If you are preparing for a university entrance exam, then you might need to write an advanced numerical reasoning appraisal. Or in layman’s terms, you need to prove that you have had mathematical training up to a GCSE level. You might be taking a numerical reasoning test as part of your job application.


This article will take you through the basics of the RANRA test, what it consists of, walk you through a couple of practice tests and tell you how to best to prepare for it.


The RANRA test measures higher-level numerical reasoning skills. Where most businesses asses you basic mathematical capabilities, the RANRA will assesses your problem-solving and decision making abilities in a mathematical context.

What Is The ANRA / RANRA Test

The RANRA will assesses your capacity for deduction, interpretation, and evaluation. How this is done is through a series of multiple choice questions. You will have to deduce whether the answer combinations can reasonably solve the problems in front of you.

The RANRA test will require knowledge of basic mathematical concepts to complete. Concepts such as the calculation of percentages, ratios and exponents are required, while operations such as speed, time and distance, are also tested.

The Two Parts Of The RANRA Test

RANRA is split into two parts: The Comparison of Quantities section and the Sufficiency of Information section.

The Comparison of Quantities section gives you comparative data which you need to analyse in order to select the appropriate answer. You will have four possible answers for each question.

The Sufficiency of Information section has each question give you two statements with specific information in it. You will need to select the right answer out of five possible answer combinations.


In each question, you will be presented with a short contextual statement and two options as answers. You will need to use the information in the contextual statement to select the correct option, A or B.

However, you do not have to choose either one or the other option. There are four possible answers to each question: A, B, E and I. You can choose A or B if either one of these options holds the greater value. You can choose option E if both options are of equal value. Option I is available if there is not enough information in the contextual statement to make an informed decision.



  • You buy curtains for £10 per set.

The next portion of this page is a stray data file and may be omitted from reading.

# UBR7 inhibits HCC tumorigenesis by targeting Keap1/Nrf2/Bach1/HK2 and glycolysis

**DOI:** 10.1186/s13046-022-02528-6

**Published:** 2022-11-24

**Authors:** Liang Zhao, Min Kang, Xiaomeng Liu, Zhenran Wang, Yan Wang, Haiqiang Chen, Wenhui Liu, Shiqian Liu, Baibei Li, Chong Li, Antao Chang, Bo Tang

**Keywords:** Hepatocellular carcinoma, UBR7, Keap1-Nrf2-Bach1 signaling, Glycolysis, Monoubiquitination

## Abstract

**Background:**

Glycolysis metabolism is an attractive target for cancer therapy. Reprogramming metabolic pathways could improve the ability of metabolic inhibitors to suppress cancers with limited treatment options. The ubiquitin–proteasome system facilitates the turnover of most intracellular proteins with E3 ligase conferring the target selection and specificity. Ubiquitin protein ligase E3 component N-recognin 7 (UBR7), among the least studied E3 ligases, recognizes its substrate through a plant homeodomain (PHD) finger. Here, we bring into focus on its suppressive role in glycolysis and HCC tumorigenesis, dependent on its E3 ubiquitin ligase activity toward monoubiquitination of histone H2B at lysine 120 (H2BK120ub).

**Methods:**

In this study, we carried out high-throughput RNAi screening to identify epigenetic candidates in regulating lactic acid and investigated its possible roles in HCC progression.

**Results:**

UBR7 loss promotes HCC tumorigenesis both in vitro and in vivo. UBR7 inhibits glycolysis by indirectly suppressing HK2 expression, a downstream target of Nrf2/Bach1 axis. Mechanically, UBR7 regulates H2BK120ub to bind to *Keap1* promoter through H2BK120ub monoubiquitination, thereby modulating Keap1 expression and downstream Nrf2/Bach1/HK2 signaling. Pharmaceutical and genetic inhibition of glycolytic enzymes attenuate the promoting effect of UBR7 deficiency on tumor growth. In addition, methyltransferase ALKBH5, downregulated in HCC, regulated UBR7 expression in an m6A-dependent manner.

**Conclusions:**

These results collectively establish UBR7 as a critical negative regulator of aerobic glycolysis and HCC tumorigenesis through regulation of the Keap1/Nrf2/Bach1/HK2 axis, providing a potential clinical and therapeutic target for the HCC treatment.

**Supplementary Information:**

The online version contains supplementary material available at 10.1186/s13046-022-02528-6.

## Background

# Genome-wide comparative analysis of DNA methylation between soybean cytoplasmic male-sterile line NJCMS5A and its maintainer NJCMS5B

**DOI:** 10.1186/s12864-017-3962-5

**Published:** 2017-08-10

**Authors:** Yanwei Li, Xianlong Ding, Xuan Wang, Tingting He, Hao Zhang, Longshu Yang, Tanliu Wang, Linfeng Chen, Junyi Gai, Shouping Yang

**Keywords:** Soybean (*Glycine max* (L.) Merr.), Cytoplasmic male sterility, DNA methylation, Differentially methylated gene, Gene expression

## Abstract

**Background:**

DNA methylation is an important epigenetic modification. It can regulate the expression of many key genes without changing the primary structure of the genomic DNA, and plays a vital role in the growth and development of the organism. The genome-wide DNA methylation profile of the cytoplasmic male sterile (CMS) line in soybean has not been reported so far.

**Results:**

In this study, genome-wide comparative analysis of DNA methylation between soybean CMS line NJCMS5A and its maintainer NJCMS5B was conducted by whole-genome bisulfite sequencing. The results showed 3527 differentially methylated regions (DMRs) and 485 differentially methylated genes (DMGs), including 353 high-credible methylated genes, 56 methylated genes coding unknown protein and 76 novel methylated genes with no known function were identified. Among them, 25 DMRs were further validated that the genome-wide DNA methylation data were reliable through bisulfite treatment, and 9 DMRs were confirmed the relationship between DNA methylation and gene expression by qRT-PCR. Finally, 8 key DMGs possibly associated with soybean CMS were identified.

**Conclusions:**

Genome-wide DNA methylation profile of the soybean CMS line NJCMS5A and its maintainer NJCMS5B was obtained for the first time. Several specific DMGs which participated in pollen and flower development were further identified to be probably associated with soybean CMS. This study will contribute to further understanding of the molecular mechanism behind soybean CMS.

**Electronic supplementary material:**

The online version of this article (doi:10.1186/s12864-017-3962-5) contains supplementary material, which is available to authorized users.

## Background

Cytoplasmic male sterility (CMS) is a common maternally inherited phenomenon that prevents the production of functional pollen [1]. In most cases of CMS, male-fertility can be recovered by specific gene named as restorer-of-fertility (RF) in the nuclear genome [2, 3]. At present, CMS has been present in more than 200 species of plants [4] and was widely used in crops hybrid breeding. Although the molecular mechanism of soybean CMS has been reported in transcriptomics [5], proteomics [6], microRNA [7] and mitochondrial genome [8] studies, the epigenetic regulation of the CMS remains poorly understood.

• A set of green curtains cost £8.


  • A) The total cost of 123 curtains of which 32 are green.
  • B) The total cost of 160 curtains of which 90 are green.

If you answer A, then you believe the first option has the highest numerical value. If you answer B, then the second option is higher. Answer E if both values are equal, and answer I if the initial statement before the options did not give you enough information to answer the question.

In our example above, the answer is B. Because it has the higher numeric value between the two:

  • A = (91 x 10) + (32 x 8) = 1166
  • B = (70 x 10) + (90 x 8) = 1420


This section, gives you two statements followed by a question. Your goal in this section is to decide if any of the statements give you enough information to answer the question. The questions are multiple choice. Your options are A, B, C, D, or E.

  • Answer A if: the first statement has enough information to answer the question and the second statement can not answer the question.
  • Answer B if: the second statement contains the information you need, but the first one does not.
  • If you answer C: the combination of both statements can answer the question, but on their own they contain insufficient information.
  • Answering D: means that both statements can answer the question on their own.
  • Answer E if: neither statement can answer the question either alone or in combination with each other.


Remember: the statements giving specific information do not necessarily hold the answer.

What is the ratio of cats to dogs in a particular town?

1. There are more cats than dogs.
2. There are exactly 20 dogs in the town.

The correct answer is E. Even though both statements give us specific information, neither will allow us to answer the question of what the ratio of animals are in the town.


Practice tests

The best way to prepare for the RANRA Assessment is to write practice tests. The content of the information is less important than getting used to the way the questions are answered. One plus to practice tests are that they will explain how they get to the answer as well.

Once you have gone through the tests, you should have an idea on what areas you should improve on. Find examples on the internet to practice specific concepts and operations if you find yourself lagging in a particular field.


The test is usually held in an examination venue and there is no real time limit to complete it. Your ability to think critically is being tested, not your ability to work under pressure. Make sure you are calm when you start and you should finish the test in around 45 minutes.


The RANRA test is a step above most numerical reasoning tests, but it shows your employer or learning institution that you are able to think in a critical manner. A practice test is crucial for preparing for the actual test, and there are a host of different options to choose from.